Paul said,
I planted, Apollos watered, but God gave the increase. So then neither he who plants is anything, nor he who waters, but God who gives the increase.
(1 Cor. 3:6-7) 
We can’t take the glory when a person receives benefit from the Word, so neither should we take the blame when they don’t.

Years ago, I received a call from a young pastor who had prayed for a church member to be healed, but the church member died. The sincere, caring pastor was very troubled over the church member’s death, and I could tell he was struggling with guilt, perhaps thinking that he had not had enough faith or had not prayed properly for the church member. I asked him, “Are you blaming yourself for this church member not being healed?” Hesitantly, he said, “Well yes, I guess I am.” I then asked him, “If the church member had been healed, would you have taken the credit?” He quickly said, “Of course not. I would have given God the glory.” All of a sudden, he realized the kind of situation he had put himself in—If the person gets healed, God gets all the glory. If the person dies, the pastor gets all the blame.

That’s not exactly a healthy situation to be in.

Having said all this, let me say that we who teach have a tremendous responsibility to do all that we can to skillfully present the Word of God. We don’t just blandly throw Scriptures out and say, “Well if they get it, they get it. If they don’t, they don’t.”

How would you like to go to a restaurant where the chef just threw some poorly cooked meat and half-cooked vegetables on an unclean plate and had it brought out to you? When asked, the chef might say, “Well, I put the food out there. If they don’t like it, that’s their problem.”

I don’t know about you, but I’m not going to go to that restaurant. I want to go to a restaurant where the chef believes in creating beautiful entrees, having a clean and sanitary kitchen, having polite greeters and courteous wait staff, having a pleasant atmosphere in the dining area, and who values his or her patrons, wanting to give them the best dining experience possible.

While I know that I’m not exclusively or ultimately responsible for whether people receive the Word or not, I also recognize that I have a part to play, and I want to do my part as well as I possibly can. I may not like it when people don’t receive the Word, or don’t benefit from it as much as they could, but I’m going to follow Paul’s admonitions to Timothy:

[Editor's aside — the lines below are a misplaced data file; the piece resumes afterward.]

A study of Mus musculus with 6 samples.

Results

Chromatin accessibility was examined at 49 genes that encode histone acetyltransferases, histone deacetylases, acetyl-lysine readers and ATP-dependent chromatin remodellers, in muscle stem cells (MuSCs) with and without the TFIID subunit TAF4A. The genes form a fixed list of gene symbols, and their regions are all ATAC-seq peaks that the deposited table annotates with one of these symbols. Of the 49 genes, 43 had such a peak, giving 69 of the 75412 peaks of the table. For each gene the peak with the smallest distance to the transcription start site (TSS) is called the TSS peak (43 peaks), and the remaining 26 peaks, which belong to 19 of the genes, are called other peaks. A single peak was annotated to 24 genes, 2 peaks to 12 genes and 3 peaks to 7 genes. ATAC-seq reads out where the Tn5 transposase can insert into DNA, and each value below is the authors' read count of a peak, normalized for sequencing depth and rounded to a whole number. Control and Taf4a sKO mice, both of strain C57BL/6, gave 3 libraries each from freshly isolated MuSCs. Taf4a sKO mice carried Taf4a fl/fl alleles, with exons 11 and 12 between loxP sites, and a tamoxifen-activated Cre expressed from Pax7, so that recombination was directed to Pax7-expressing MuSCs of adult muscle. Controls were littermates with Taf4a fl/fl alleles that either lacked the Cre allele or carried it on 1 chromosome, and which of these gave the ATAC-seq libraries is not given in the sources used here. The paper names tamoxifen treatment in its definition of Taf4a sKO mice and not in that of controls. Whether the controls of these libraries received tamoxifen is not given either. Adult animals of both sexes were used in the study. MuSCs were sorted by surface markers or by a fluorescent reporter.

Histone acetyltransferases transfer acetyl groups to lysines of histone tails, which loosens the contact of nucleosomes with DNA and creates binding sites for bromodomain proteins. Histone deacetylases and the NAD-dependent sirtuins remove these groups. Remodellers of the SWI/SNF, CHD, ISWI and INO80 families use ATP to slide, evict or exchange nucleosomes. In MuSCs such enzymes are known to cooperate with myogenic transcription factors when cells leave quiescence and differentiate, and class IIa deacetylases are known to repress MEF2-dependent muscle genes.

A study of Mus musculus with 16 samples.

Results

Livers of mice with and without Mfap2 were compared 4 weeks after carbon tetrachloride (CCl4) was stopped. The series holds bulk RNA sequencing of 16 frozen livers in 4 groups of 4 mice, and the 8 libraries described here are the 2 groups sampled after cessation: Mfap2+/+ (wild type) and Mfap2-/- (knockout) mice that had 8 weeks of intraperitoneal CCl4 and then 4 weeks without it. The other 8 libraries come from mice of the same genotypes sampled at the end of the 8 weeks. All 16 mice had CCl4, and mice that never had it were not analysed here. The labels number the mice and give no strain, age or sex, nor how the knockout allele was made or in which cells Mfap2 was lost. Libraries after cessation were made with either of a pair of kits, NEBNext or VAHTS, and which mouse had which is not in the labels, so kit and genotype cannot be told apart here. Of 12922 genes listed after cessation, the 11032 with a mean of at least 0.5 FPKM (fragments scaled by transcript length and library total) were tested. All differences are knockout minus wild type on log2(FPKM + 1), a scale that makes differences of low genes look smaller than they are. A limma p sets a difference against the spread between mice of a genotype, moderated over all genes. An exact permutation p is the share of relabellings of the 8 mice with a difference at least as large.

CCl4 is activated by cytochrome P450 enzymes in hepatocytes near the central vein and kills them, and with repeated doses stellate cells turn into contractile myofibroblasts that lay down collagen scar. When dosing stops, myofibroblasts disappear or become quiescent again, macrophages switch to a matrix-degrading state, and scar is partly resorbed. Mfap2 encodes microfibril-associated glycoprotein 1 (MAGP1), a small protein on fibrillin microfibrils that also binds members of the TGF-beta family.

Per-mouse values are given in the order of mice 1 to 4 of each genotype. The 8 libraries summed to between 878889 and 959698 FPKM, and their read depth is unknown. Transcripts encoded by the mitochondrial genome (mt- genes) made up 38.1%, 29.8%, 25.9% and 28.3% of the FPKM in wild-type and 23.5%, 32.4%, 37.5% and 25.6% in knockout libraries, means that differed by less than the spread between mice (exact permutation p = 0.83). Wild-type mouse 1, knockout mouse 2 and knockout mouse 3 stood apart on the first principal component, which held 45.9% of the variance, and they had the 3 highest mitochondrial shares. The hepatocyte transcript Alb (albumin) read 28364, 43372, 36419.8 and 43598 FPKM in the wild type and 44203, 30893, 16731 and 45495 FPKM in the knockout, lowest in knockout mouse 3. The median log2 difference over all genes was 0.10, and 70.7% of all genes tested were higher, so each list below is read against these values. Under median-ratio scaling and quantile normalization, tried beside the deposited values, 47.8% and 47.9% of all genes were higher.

• “Hold fast and follow the pattern of wholesome and sound teaching which you have heard from me.” (2 Tim. 1:13 AMP)
  • “…the things that you have heard from me among many witnesses, commit these to faithful men who will be able to teach others also.” (2 Tim. 2:2)
  • “Be diligent to present yourself approved to God, a worker who does not need to be ashamed, rightly dividing the word of truth.” (2 Tim. 2:15)
  • “A servant of the Lord must not quarrel but must be kind to everyone, be able to teach, and be patient with difficult people. Gently instruct those who oppose the truth. Perhaps God will change those people’s hearts, and they will learn the truth” (2 Tim. 2:24-25)
  • “Preach the word of God. Be prepared, whether the time is favorable or not. Patiently correct, rebuke, and encourage your people with good teaching… Work at telling others the Good News, and fully carry out the ministry God has given you.” (2 Tim. 4:2, 5 NLT)

Finally, my personal conviction when I teach is to do so as though everyone listening will fully receive and apply that Word. I’m going to teach as though I am 100% responsible for their receiving (even though I know that ultimately they have a part to play as well).

Paul put every fiber of his being into his ministry, as is evidenced in his statement to the Galatians, “Oh, my dear children! I feel as if I’m going through labor pains for you again, and they will continue until Christ is fully developed in your lives.” (Gal. 4:19, NLT)

That passage reminds me of this great truth: The role of God-anointed teaching is not simply to share information, but to facilitate transformation. Our goal is to share the word of God under the anointing of the Holy Spirit so that He can work within the hearers to bring change in their lives.

Being entrusted with the sacred Word of God, and being invited into partnership with the Holy Spirit is the greatest privilege one could ever receive. We have the honor of delivering the oracles of God to people He passionately loves. May we always walk humbly and circumspectly as our office requires, and may we do so with gratitude regardless of the whims of men.

Copyright © Tony Cooke Ministries
All rights reserved. Used by permission.

Author Biography

Tony Cooke
Web site: Tony Cooke Ministries
Since 2002, Tony and Lisa have traveled full-time with an assignment of “Strengthening Churches and Leaders.” Tony’s passion for teaching the Bible has taken him to forty-six states and twenty-six nations. Tony, and Lisa reside in Broken Arrow, Oklahoma and are the parents of two adult children, Laura and Andrew.